Plato, Part 2
On this land, Plato began the work he had been born for.
In Brahminical tradition, there is a very old ritual called Upanayana. It is an initiatory rite and what the rite initiates is education - it is the rite by which the young boy is accepted by his teacher and thereby begins his education.
Like all initiatory rites, the Upanayana signifies both death and rebirth. The child is killed by the rite and the death of the child is the necessary condition for the birth of the disciple.
This is a profound truth about education: real education kills you. The true teacher is really an assassin.
This may sound shocking or ridiculous to our ears. But this is because we have forgotten what it is to be a teacher and what it is to be a student. Oh, of course, we have the pale, attenuated versions of this relationship, but they are all bloodless, these versions, they are the dull, bureaucratic versions of a relationship and an encounter that is in its essence both murderous and divine.
According to the Atharva Veda, what happens in the Upanayana is that the disciple enters the teacher and the teacher becomes pregnant with the disciple. The teacher bears the disciple in his belly and gives birth to him.
Believe me, there is absolutely nothing bloodless about birth.
There may also be nothing more divine.
Plato loved Socrates.
The love was not uncomplicated; it never is, between a parent and a child. As Plato learned, he began to find disagree, he began to find flaws. He grew, as he saw it, beyond Socrates, because he had an answer where Socrates only had his holy ignorance.
But all of that is consistent with love, and Plato loved Socrates.
When Plato was on his deathbed, Plutarch says, he looked back on his life and was grateful for three things above all:
Plato, when he was now at the point of death, lauded his guardian genius and Fortune because, to begin with, he had been born a man and not an irrational animal ; again, because he was a Greek and not a Barbarian; and still again, because his birth had fallen in the times of Socrates.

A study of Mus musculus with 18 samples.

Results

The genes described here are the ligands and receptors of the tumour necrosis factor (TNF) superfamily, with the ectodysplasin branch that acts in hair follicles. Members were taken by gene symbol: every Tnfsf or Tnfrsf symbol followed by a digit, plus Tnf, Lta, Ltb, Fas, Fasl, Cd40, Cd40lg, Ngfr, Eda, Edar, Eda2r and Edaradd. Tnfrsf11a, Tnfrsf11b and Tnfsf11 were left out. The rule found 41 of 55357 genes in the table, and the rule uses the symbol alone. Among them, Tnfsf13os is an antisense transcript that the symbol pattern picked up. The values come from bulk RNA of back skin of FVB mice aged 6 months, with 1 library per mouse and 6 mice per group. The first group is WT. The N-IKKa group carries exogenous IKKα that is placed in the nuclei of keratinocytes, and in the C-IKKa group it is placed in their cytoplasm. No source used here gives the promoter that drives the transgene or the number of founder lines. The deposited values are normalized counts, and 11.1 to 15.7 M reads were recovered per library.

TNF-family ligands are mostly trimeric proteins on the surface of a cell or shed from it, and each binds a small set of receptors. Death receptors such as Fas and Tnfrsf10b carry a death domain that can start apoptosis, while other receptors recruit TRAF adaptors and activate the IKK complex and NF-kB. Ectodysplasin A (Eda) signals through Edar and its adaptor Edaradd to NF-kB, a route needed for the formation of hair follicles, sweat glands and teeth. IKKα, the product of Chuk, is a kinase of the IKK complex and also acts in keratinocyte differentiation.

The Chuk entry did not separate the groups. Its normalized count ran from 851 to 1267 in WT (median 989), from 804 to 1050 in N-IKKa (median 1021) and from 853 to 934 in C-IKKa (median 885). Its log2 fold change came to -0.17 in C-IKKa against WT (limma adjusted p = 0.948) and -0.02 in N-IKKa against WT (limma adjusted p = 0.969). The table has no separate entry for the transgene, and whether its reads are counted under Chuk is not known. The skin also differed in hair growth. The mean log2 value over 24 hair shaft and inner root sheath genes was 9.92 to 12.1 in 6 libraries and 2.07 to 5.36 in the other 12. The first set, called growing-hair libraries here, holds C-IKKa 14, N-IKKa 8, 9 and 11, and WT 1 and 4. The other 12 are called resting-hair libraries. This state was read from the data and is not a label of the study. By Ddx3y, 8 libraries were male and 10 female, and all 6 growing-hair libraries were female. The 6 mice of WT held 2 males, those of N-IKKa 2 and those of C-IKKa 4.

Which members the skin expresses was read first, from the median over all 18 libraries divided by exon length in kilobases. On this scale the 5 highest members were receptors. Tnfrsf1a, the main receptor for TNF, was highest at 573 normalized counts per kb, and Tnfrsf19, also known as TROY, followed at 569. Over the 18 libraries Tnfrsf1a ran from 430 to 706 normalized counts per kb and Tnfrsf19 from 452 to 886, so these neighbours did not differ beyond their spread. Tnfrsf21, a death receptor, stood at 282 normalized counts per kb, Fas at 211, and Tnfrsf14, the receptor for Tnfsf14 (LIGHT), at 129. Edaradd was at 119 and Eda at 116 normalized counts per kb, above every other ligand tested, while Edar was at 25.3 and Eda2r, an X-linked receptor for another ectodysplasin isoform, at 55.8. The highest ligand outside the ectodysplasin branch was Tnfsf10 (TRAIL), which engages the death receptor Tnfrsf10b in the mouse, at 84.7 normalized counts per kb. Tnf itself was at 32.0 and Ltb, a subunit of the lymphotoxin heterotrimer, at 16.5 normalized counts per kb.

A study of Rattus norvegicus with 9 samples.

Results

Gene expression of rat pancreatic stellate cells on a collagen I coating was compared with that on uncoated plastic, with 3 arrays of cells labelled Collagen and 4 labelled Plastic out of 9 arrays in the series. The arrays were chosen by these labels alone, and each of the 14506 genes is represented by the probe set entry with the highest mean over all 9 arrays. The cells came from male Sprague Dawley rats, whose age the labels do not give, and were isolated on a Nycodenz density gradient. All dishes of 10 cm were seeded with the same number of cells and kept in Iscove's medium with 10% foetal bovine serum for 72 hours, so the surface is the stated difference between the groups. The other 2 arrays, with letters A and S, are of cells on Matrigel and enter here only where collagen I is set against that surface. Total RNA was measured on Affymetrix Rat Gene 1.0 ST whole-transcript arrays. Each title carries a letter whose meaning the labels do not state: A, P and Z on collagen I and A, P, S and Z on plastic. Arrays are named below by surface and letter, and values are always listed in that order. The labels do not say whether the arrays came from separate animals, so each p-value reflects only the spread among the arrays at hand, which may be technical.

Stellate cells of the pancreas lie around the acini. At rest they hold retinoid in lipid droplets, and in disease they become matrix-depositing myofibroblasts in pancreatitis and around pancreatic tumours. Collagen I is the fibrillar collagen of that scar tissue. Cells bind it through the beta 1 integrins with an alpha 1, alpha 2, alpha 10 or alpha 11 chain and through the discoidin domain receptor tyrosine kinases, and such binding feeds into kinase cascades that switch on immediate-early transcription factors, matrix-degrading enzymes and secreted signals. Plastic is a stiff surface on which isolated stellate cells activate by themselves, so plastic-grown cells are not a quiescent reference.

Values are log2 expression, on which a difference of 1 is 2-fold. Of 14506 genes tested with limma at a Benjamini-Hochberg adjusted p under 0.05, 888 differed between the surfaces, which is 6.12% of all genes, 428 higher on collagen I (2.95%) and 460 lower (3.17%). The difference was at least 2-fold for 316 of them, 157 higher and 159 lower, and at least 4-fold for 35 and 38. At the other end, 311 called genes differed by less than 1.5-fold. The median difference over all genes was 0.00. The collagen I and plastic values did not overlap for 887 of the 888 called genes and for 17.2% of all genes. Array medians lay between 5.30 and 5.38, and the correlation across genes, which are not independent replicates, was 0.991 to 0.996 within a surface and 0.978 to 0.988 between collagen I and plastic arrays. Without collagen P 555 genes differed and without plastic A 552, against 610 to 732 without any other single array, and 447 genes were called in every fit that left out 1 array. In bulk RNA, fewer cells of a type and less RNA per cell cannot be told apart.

Socrates was Plato’s teacher, his initiator into the holy rites, the man who had lifted Plato out of the world and set him on the sacred path that had led to the divine.
We know what happened to Socrates. But we must try to imagine it as it happened to Plato.
Plato loved Socrates.
He watched as a group of puffed-up tyrants prosecuted Socrates on the most laughable of pretexts.
He saw Socrates in the dock, calm and arrogant, refusing to submit to the demands of “common sense”.
He saw Socrates smiling when the jury condemned him to death.
He saw Socrates mock the jury when he was asked to suggest an alternative punishment to death.
He saw Socrates reject the pleas of his friends and disciples to save himself.
And then he saw Socrates drink the hemlock and die.
The best of men … no, not the best of men. Socrates was something apart from men.
Socrates had been put to death by … by men. By men who were angry, who were drunk on power and inflamed with resentment, small men, scared men.
Plato had wanted a political career. He wanted to be involved in public life. He was enough of a man of his time and class to believe that this was both a man’s duty and his privilege: to participate in civic life, to actively bring about the common good.
He felt sick when he thought of it now. Politics? Public life? With men like these, men capable of putting Socrates to death? Serving a mob who cheered the murderers on?
A pox on all your houses, thought Plato. Better to be a common thief than be a part of all this.
Have you ever had your heart broken?
Of course you have. You’re a human being.
And so you know what it’s like when a person haunts a place. When every street, every door, every flower … when every damned thing reminds you of them. When the air is thick with them, when you can’t breathe because when you breathe you can feel them, inside your ribs, working away, grief first gnawing and then taking enormous chunks out of your flesh.
Yes. Of course you know.
Now Plato knew too.
It was too much. He left Athens.
He went to Megara to meet his friend, the philosopher Eucleides. He went to southern Italy to meet the disciples of Pythagoras. He went to Egypt and travelled throughout the Persian Empire.
Plato wandered the world, he suffered, endured, and learned. The Pythagoreans opened their mysteries to him. He was initiated into the ancient rites of the Egyptians. He was instructed in the words of Moses. He studied Zoarastrianism from the Persian Magi.
And all the while, he thought of the murder of Socrates. He would never forgive. But he was beginning to understand.
In 387 BC, twelve years after Socrates was murdered by the tyrants and the mob, Plato returned to Athens. He bought a piece of land just outside the city walls. The land was called the Academy because it was dedicated to the ancient hero Akademus.
And on this land, Plato began the work he had been born for. He talked and taught, held informal classes and discussions with whoever was interested. They would meet in the olive grove and talk long into the night, the air turning cool and the sky glittering with a hard light.
And 12 years after that, Plato wrote the Republic. This book, the culmination of the last 30 years, and arguably the crowning literary achievement of his philosophical life, had one fundamental question: What is justice?